Playing Space Invaders with my eyes

by Brian on February 14, 2022

in Covid-19,Health,Science,The Old Country

Zap, crackle, ping. 

Dr. Geller’s vitreolysis laser in Florida

Dr. Scott Geller is playing Space Invaders with my vision, aiming a high powered (and very real) laser beam into my eyes to “pulverize” the floaters that have made my life an optical misery following complications from cataract surgery in 2019.

Space Invaders, of course, refers to the popular video game released in 1978. But the laser Geller uses is the real deal, not some pixelated version on the screen of a machine in the corner of a dank gaming arcade. And the cost, at $2,500 per eye, is far more than a few lonely quarters spent during a midnight study break at university.

Floaters are a natural part of growing older. Microscopic fibers within the jelly-like vitreous humor can clump together, casting shadows on the retina as they float about (hence the name “floaters”). For most people, they’re innocuous – little black flecks or semi-transparent strands that look like sperm cells under a microscope.

For an unlucky few, though, they can be incredibly bothersome: large grey blobs and clouds of thousands of dots and squiggles that bounce around anytime you change your gaze. Stare them down and they dart away. Ignore them and they show up when you’re least expecting them; tiny flies that you can never escape from but that you’ll find yourself trying to swat away just the same.

My floaters got so bad that it became hard to drive, read or work on the computer. I had both a blob (technically known as a “Weiss ring”) and a cloud that blurred my vision, swishing from side to side with windshield wiper-like alacrity. 

The gold standard to “fix” floaters is called a vitrectomy. A retinal surgeon pokes three holes in your eyeballs and drains the vitreous fluid, along with any floaters, replacing it with a saline solution. It’s invasive and eye doctors are generally reluctant to do it.

The laser alternative, vitreolysis, seemed much safer to me, requiring no cutting or recovery period, just some well-aimed, high-powered zaps. 

There are only a few doctors in the world that specialize in vitreolysis. Geller is one of the pioneers of the treatment and has done some 20,000 laser sessions over a 30-year career. He uses a Swiss-made laser that costs $500,000. He has two of them in his office in Ft. Myers, Florida, which is where I flew last year to get zapped.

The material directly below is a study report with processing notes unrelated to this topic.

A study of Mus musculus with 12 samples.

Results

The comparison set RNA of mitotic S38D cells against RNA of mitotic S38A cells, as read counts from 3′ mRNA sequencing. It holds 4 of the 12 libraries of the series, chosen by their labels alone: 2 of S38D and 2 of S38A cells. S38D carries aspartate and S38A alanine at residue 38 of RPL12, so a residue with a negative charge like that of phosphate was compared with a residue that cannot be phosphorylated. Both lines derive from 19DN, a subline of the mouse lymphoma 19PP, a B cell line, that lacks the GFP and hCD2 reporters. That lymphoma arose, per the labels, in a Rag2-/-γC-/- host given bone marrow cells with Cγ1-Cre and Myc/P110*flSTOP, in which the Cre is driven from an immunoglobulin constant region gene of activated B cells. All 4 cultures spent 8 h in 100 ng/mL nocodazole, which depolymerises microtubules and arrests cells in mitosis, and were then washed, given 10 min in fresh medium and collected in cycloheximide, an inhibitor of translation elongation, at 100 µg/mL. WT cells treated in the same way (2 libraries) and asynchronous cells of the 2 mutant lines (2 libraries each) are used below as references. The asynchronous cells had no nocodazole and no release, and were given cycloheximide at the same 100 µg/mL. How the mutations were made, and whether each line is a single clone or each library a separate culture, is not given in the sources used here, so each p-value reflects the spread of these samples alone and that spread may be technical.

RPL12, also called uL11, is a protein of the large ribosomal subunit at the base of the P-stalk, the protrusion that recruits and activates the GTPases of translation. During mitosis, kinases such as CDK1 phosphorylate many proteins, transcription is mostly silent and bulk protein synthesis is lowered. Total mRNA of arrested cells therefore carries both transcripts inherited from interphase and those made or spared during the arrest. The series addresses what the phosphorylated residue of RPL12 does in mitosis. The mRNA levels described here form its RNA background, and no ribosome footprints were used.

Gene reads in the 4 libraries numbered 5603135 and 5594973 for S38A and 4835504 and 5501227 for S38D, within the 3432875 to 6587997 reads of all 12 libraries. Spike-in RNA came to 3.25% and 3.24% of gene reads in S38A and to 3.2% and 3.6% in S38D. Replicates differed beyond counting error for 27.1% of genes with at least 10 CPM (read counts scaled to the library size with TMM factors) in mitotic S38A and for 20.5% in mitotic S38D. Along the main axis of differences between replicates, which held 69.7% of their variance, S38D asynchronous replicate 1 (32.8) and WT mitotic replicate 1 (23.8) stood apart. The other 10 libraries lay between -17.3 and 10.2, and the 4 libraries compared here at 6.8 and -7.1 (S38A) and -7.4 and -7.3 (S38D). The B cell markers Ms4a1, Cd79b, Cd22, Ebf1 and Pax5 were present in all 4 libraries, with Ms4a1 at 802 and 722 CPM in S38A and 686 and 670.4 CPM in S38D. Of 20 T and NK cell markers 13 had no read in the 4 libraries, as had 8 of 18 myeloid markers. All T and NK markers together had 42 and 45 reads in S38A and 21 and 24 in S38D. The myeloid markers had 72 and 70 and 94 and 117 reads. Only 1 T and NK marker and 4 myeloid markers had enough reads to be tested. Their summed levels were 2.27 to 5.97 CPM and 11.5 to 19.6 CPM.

The trip itself was nerve-wracking: Florida during the pandemic has not exactly been the safest place to be and the hassles of traveling under the specter of Covid are not for the faint of heart. But I was determined.

Here’s how vitreolysis works: After I was fully dilated, Geller affixed a contact lens with a metal appendage that looked like a small silver saltshaker to my left eye in order to focus the laser (and keep my eye from blinking). 

I leaned into the machine. A blinding light made me squirm. 

“Hold still,” Geller instructed, as he adjusted my chin slightly to the left. 

Three red beams appeared and began to circle. Those were not the laser, but a tracking ray that helps the operator identify where to shoot. 

And then – a sudden flash of red lightning with an audible zing. I could actually see the floaters splatter apart. If my floaters were missiles from Gaza, Geller’s laser would be my tiny Iron Dome.

Another shot, then another and another, 438 in total. 

Geller turned to my other eye, which had less floaters and required “only” 96 shots. 

“That’s it for today,” Geller said, finally. “We’ll meet up again tomorrow.”

Geller’s methodology includes up to four treatments on subsequent days, as long as there’s no increase in intraocular pressure. (There wasn’t.) 

Struggling to see my phone’s screen through my light-sensitive dilated eyes, I called an Uber to return to my room at the Ft. Myers Crowne Plaza.

I climbed into bed where, for the next five hours, curtains drawn tightly shut, my eyes continued to ache and burn; it felt like a knife was stabbing directly into my cornea. I drifted in and out of delirium.

The next day, we did 200 or so shots on the left eye and 47 on the right. Each session, the zaps decreased (the pain unfortunately did not) as Geller tried to break up any remaining blobs and flecks. On the last day, he fired a mere 19 shots.

As the anesthesia wore off after the fourth and final treatment, I surveyed the world around me. The result was…disappointing. Geller had managed to pulverize the biggest gray blob, which was an achievement, but there were now smaller flecks. And he wasn’t able to address the cloud of floaters at all.

Then, a week after the treatment, the gray blob started to re-form.

Geller’s office asks patients to sign a plethora of forms stating that the treatment is not guaranteed to work, so he wasn’t being duplicitous. Geller knows his stuff and deserves his reputation as having the most experience with vitreolysis in the world. 

Am I frustrated that it didn’t work the way I’d hoped? Absolutely. If I’d known the outcome in advance, I wouldn’t have made the pilgrimage to Ft. Myers in the midst of a pandemic. But at least now I can decide what comes next from a place of knowledge, with no regrets or second guessing. 

Vitreolysis is most appropriate if you have just a small and discrete Weiss ring. If, however, your floaters include a large cloudy haze like mine, vitrectomy may be your only option. 

That will be my next step. And this time I won’t have to fly all the way to Florida. There are surgeons right here in Jerusalem, covered 100% by our socialized health insurance.

I first wrote about my adventures in Florida for The Jerusalem Post.